Crispin Odey is probably one of the UK’s most vocal financial figureheads. The hedge fund manager made a name for himself in the run-up to the financial crisis when he became the first high-profile manager to short UK banks ahead of the 2008 banking sector meltdown. The profits from this financial crisis trade turned Odey into a billionaire and elevated him to superstar status in the hedge fund world.
Today, Odey’s outlook for the financial markets is probably even more depressing than it was nearly a decade ago. Last year, he proclaimed that UK stocks could fall as much as 80% if the Bank of England stopped printing money to prop up the markets. While he’s not been proven right just yet, Odey remains adamant that it’s only a matter of time before a financial crisis-style environment returns and he has positioned his portfolio accordingly.
However, even though Odey is almost entirely negative on the market, he’s bullish on two stocks in particular.
Two diamonds in the rough
Sky (LSE: SKY) and Pendragon (LSE: PDG) are the two companies Odey likes despite hating the rest of the market. Both of these businesses have their attractive qualities. Sky, for example, is the UK’s largest pay-TV broadcaster and is rapidly becoming the most significant player in the European pay-TV market. Meanwhile, Pendragon is one of the UK’s biggest car dealers, and despite improving profits, revenue and a stronger balance sheet than ever before, the company trades at an extremely low valuation.
A valuation worth buying
Odey has traded in out of Pendragon over the years, so he knows the business relatively well. Since Brexit, the stock has slumped from a high around 50p per share to a low of 31p even though the company has continued to report strong sales growth.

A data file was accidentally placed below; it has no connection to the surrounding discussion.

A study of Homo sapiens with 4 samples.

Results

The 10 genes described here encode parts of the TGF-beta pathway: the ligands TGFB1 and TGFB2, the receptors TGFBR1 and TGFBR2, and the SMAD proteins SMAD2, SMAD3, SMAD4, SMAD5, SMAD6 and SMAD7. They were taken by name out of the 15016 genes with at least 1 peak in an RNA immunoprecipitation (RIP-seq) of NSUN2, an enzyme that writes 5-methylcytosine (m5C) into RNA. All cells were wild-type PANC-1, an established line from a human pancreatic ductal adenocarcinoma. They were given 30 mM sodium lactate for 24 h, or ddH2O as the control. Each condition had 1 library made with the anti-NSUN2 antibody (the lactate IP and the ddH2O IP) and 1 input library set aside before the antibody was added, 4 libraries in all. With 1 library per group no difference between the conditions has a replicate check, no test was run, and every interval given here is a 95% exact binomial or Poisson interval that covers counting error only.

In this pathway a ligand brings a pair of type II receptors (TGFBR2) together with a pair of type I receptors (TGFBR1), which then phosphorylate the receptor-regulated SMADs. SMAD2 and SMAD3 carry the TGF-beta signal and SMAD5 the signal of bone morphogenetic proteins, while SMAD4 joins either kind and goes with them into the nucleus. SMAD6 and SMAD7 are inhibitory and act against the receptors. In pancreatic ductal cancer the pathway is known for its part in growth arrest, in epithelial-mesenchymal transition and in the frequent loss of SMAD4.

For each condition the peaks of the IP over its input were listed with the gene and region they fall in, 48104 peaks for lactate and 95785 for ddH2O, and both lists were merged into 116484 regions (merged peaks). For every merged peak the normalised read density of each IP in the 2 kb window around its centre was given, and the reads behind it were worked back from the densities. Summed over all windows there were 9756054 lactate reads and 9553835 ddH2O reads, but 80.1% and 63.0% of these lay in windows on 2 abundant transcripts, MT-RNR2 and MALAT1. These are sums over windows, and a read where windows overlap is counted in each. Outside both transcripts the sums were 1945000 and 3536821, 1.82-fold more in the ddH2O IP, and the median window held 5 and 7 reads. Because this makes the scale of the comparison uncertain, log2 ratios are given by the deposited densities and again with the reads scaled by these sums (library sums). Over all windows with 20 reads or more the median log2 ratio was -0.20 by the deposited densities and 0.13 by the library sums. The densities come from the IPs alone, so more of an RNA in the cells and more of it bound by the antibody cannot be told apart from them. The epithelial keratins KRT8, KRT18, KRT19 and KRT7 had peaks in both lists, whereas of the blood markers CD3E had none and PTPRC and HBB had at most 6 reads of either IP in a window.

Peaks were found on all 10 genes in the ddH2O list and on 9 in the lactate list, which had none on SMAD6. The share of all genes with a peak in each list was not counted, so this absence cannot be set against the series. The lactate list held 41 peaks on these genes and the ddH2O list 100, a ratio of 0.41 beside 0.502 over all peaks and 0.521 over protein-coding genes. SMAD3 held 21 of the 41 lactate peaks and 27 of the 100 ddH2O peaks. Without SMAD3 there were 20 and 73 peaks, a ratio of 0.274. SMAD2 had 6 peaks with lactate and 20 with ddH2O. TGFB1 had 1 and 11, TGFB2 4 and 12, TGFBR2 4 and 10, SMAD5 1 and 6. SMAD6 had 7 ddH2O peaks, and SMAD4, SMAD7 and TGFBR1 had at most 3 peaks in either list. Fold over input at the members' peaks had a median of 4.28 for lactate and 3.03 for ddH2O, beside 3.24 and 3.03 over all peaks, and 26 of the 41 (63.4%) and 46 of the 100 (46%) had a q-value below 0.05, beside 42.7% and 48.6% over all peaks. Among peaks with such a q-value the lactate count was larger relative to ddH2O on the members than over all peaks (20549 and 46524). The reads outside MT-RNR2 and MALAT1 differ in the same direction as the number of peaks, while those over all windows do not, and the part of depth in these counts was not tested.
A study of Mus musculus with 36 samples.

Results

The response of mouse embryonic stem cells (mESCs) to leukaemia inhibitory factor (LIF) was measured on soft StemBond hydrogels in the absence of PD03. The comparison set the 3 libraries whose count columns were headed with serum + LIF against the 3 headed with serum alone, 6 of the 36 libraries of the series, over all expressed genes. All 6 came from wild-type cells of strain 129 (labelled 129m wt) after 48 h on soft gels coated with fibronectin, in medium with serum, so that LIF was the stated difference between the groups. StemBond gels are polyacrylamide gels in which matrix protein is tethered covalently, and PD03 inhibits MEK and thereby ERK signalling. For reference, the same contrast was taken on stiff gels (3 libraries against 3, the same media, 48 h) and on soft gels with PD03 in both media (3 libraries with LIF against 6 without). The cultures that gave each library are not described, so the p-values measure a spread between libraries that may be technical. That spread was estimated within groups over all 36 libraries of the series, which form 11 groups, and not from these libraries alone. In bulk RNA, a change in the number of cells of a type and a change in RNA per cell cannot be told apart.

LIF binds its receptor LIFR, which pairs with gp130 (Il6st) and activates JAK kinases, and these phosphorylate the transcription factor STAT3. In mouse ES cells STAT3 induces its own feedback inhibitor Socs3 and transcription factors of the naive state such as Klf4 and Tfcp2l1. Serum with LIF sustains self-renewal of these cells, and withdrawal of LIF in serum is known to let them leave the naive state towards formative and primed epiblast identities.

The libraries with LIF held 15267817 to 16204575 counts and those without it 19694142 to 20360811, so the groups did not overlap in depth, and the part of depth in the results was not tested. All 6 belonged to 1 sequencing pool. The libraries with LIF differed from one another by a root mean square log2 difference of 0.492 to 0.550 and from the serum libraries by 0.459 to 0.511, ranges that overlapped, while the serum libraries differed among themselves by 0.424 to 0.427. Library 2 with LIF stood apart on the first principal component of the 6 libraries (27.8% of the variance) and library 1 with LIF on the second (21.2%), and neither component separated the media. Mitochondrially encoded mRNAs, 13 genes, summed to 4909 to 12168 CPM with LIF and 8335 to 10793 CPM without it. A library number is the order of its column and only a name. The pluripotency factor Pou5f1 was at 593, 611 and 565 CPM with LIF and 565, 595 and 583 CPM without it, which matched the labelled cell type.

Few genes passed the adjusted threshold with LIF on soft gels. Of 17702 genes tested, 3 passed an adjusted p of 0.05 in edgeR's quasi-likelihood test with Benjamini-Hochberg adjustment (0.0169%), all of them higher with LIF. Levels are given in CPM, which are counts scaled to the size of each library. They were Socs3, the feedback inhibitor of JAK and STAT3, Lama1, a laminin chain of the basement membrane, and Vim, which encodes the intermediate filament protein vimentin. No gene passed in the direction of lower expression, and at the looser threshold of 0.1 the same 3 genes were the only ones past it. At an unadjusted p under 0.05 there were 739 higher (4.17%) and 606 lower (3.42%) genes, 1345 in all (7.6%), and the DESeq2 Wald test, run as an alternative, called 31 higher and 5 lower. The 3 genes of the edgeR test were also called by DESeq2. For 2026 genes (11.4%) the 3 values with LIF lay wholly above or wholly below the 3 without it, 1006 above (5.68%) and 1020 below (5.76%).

For the third quarter, the group reported underlying profit growth of 5.7% year-on-year. For the full year, analysts are expecting earnings per share growth of 5% and based on this forecast the shares are trading at a forward P/E of 8.8.
Considering Pendragon’s steady growth and low valuation, it’s clear why Odey has made use of recent declines to increase his stake in the company from 204m to 229.4m shares.
Sky is another of Odey’s favourites and while he may have initially acquired the company for its defensive nature and high returns on capital, the group is now in a bid situation.
Rupert Murdoch’s Fox is offering to buy the share of Sky it doesn’t already own and is offering shareholders £10.75 for their stake. As of yet, it’s not clear if the deal will go ahead as there are political and regulatory hurdles to clear.
Nonetheless, while shareholders wait for the outcome, they can pocket Sky’s 3.4% dividend yield and a potential capital gain of 7.5% is on offer if the company gets the green light. If Fox’s offer is blocked, Sky remains an attractive long-term buy. City analysts have pencilled-in earnings per share growth of 18% for next year.